By Naomi Tajitsu
TOKYO (Reuters) – Japan's Takata Corp (T:), the firm at the centre of the auto industry's biggest ever product recall, filed for bankruptcy protection in the United States and Japan and said it would seek $ 1.6 billion in aid from U.S.-based Key Safety Systems (KSS). In one of Japan's biggest bankruptcies, Takata is facing tens of billions of dollars in costs and liabilities resultingfrom almost a decade of recalls and lawsuits. Its airbags have been linked to at least 17 deaths and more than 180 injuries. Its U.S. arm filed Chapter 11 bankruptcy in Delaware on Sunday with liabilities of $ 10 billion to $ 50 billion, while the Japanese parent filed for protection with the Tokyo District Court early on Monday.
The Tokyo Stock Exchange said its shares would be delisted on July 27. The filings opened the door to the financial rescue from auto parts supplier KSS, which Takata tapped as its preferredsponsor to help it keep churning out millions of replacementairbag inflators. Proceeds from the sale will be used to settlea plea agreement with the U.S Department of Justice.
The filings have, however, not resolved all issues. Honda Motor Co (T:), Takata's biggest customer, said it had reached no final agreement with Takata on responsibilities for the recall. Honda said it will continue talks with the supplier but anticipates difficulties in recovering the bulk of its claims. Takata, an 84-year-old company, faces billions in lawsuits and recall-related costs to its clients, including Honda, BMW (DE:), Toyota Motor Corp (T:) and others which have been paying recall costs to date. Takata said its agreement with KSS would mean the company could continue to operate without interruptions to its operations.
“We believe taking these actions in Japan and the U.S. is the best way to address the ongoing costs and liabilities of theairbag inflator issues with certainty and in an organised manner,” Takata CEO Shigehisa Takada said in a statement. Jason Luo, president and CEO of KSS, said in a statement the”underlying strength” of Takata's business had not diminisheddespite the airbag recall, citing its skilled employee base,geographic reach and other safety products such as seat belts.As part of the bankruptcy protection plans, KSS wouldacquire all of Takata's assets barring certain assets andoperations related to the airbag inflators involved in theglobal recall in the planned deal, the two companies said. Takata will keep operations of its affected inflators fornow to continue supplying recall replacement parts, and will eventually wind down those operations.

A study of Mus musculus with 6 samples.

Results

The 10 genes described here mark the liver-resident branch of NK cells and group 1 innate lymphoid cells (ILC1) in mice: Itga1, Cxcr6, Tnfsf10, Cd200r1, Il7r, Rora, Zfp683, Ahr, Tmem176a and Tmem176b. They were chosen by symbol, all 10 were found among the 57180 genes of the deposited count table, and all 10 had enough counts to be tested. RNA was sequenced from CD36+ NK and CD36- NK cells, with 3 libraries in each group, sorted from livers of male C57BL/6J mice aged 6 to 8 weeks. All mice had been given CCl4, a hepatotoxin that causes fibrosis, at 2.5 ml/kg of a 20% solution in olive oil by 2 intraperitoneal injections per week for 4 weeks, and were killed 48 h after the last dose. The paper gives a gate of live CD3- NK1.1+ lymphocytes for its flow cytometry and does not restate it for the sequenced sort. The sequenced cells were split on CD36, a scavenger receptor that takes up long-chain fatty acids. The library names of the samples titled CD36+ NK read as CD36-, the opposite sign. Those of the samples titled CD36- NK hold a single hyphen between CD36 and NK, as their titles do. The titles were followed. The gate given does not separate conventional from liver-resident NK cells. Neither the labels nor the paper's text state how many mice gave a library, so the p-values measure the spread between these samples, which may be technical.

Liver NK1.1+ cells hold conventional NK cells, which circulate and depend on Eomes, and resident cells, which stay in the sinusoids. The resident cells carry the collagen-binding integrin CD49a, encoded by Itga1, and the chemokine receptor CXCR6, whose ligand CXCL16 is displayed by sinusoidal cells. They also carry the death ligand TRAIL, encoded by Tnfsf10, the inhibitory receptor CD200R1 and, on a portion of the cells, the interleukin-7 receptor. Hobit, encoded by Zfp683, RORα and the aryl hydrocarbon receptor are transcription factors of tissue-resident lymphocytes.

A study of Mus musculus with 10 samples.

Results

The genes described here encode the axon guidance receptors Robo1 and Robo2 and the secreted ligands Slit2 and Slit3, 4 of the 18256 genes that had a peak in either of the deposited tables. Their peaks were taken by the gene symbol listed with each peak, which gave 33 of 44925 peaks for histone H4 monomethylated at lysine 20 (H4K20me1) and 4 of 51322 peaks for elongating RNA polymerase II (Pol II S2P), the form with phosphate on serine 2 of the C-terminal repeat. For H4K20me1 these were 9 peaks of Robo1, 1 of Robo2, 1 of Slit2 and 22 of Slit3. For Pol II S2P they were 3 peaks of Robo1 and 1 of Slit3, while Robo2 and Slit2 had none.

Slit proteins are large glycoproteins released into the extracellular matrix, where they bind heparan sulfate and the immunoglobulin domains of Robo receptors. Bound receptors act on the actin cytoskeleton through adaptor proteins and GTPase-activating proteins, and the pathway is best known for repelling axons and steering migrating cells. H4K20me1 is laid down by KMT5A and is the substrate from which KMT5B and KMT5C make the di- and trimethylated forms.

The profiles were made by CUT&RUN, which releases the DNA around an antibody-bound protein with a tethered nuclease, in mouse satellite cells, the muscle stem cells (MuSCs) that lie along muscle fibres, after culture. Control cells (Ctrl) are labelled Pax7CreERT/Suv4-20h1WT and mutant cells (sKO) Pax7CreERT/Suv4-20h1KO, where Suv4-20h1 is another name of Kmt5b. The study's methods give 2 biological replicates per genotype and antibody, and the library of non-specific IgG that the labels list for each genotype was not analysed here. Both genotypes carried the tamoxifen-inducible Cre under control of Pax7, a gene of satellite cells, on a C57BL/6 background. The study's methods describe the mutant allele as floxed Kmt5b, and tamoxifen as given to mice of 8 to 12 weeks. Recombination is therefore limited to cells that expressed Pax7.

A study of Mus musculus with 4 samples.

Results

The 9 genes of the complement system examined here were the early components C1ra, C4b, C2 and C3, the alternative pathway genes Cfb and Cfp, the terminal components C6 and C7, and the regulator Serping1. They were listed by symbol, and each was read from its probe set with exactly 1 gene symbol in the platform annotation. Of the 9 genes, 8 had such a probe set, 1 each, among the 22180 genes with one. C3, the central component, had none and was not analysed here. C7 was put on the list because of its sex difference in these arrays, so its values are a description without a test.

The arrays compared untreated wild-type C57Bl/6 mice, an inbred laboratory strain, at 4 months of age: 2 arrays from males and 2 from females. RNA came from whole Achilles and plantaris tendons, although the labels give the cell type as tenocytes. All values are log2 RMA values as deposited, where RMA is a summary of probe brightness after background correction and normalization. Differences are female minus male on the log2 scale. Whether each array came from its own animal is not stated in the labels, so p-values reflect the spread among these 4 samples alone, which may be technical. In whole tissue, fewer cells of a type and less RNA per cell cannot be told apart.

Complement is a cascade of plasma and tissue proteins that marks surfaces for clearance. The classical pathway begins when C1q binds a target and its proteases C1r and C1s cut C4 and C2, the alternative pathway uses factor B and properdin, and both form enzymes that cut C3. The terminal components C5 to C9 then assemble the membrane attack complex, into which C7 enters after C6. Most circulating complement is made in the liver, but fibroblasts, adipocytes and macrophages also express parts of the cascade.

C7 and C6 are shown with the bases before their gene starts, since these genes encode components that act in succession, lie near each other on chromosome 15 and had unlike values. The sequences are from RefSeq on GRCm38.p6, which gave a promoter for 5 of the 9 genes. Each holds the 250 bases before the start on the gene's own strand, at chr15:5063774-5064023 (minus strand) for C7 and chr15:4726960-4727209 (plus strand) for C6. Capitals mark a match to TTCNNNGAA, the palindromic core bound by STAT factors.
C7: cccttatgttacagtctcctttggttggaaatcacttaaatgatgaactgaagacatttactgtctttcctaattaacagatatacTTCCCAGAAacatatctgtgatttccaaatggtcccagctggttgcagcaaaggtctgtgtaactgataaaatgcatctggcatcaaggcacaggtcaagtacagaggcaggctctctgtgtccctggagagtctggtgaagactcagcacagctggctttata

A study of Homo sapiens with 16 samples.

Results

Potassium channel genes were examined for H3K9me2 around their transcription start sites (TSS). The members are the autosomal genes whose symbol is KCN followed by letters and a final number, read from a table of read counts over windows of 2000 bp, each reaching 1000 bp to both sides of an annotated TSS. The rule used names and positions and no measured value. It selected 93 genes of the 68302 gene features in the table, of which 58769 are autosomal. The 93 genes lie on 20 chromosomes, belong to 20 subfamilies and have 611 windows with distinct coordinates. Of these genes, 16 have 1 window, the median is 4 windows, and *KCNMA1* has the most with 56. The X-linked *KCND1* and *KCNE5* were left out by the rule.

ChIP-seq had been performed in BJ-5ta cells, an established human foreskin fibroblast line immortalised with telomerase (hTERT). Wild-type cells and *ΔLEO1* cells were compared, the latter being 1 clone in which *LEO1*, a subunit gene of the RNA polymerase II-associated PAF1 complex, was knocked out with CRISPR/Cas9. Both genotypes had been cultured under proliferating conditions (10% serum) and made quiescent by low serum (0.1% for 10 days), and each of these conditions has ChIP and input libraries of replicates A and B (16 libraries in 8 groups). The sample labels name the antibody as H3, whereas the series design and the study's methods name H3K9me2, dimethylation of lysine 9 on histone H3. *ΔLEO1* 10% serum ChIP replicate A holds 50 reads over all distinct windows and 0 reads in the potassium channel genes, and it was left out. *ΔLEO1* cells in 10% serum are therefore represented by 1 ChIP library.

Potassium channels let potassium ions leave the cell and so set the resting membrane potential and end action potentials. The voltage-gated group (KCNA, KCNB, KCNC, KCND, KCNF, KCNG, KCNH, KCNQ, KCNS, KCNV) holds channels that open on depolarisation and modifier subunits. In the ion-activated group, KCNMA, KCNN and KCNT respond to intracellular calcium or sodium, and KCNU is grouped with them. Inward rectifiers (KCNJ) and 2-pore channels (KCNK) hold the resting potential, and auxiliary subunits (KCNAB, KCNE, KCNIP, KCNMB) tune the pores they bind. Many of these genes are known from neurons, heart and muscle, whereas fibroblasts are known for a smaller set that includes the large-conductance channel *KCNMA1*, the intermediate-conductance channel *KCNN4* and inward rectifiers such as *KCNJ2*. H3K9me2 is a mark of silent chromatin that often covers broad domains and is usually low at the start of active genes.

Global transport authorities have ordered about 100 millioninflators to be recalled. Industry sources have said that recall costs could climb to about $ 10 billion. The ammonium nitrate compound used in the airbags was foundto become volatile with age and prolonged exposure to heat,causing the devices to explode. Costs so far have pushed the company into the red for thepast three years, and it has been forced to sell subsidiaries topay fines and other liabilities. Industry sources say Takata would be able to complete thecurrent global recall under bankruptcy, but could face problemsif further recalls are required down the line. It has soughthelp from rival suppliers including Sweden's Autoliv Inc (N:)to produce replacement inflators. It also faces potential liabilities stemming from classaction lawsuits in the United States, Canada and othercountries. Earlier this year, Takata pleaded guilty to a criminalcharge of falsifying data on its inflator defects, agreeing topay a $ 1 billion fine. Founded as a textiles company in 1933, Takata beganproducing airbags in 1987 and at its peak became the world's No.2 producer of the safety products. It also produces one-third ofall seatbelts used in vehicles sold globally, along withchildseats, steering wheel systems and other components. CEO and Chairman Shigehisa Takada, the bookish grandson ofthe company's founder, has been criticised for his handling ofthe recall crisis. He has promised to resign after a newmanagement team takes over.